The status argument given to _exit() defines the termination status of the process, which is available to the parent of this process when it calls wait().

A process is always successfully terminated by _exit() (i.e., _exit() never returns).


If _exit doesn't return, how does the parent process can get the termination status from the child process through the wait?


up vote 2 down vote accepted

Whenever a process exits (whether or not by calling _exit(int Exit_Status) ) the kernel sends SIGCHLD function to its parent. the parent may either

     1. Ignore the incoming signal
     2. Catch it by installing a signal handler

Specifically the parent may catch the exit status by calling the wait()or waitpid() function. In this case the LSB is made available to the parent. Specifically the status may be learnt as follows

    int status;
    wpid = waitpid(child_pid, &status, WUNTRACED);

Since only the last 8 bits are available it will be logical to mask the upper bit by doing a bitwise and operation with 255. A system defined macro does this for you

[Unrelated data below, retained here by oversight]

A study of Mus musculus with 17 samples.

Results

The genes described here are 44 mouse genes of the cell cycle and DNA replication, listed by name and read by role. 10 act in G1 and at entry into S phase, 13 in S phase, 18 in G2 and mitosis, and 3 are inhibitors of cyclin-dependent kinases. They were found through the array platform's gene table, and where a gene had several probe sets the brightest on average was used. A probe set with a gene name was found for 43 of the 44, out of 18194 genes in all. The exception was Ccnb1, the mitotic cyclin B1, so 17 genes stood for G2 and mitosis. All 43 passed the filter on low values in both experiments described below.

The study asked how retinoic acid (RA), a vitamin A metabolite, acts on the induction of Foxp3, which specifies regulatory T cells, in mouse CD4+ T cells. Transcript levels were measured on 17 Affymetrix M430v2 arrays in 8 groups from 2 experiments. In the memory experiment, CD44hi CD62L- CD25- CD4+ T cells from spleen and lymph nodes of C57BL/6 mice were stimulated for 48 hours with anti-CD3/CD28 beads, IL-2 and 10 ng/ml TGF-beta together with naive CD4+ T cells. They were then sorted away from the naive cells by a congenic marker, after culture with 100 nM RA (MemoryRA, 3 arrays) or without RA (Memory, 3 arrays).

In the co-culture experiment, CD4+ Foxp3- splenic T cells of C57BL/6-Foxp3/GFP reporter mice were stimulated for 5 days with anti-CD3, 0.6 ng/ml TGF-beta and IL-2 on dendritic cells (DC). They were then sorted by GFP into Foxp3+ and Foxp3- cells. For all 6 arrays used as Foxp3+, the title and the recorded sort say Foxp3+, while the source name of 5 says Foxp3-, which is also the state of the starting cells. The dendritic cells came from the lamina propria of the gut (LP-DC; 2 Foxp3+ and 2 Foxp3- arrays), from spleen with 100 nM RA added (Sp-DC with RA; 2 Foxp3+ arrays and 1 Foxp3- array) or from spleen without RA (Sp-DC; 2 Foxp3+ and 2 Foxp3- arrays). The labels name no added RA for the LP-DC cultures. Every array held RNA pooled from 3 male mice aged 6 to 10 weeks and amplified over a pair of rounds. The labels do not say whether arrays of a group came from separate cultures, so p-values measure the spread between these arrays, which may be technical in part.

Thus in order to get the child status - you may use after the waitpid statement

   printf("child exited, status=%d\n", WEXITSTATUS(status));

Ignoring the SIGCHLD may lead to creation of zombie (defunct) process(es). Setting SA_NOCLDWAIT flag for SIGCHLD does not produce a zombie as the kernel reaps them. However, the code is not portable and its better to use wait system call.


Meanwhile, the parent hasn't terminated. By calling wait or waitpid it simply asks the kernel "Hey, you know that child of mine? What's his status?".


  1. The parent process may indicate that it's not interested in the return value, and in this case the exit status is discarded, and child process terminates.
  2. The parent process may be in a wait(), then the status is communicated to the parent, and the child process terminates.
  3. The parent process is not in wait(), then the child process turns into a zombie process, whose purpose is to wait for the parent to make a call to wait() to retrieve the exit status.

_exit() is a system call, and takes an argument. The kernel saves that argument in an internal structure. The kernel has a lightweight structure for processes that have already exited but have not yet been waited-for (zombies). When a process waits for its children via wait() (another system call), the kernel retrieves that value, and forgets about the zombie.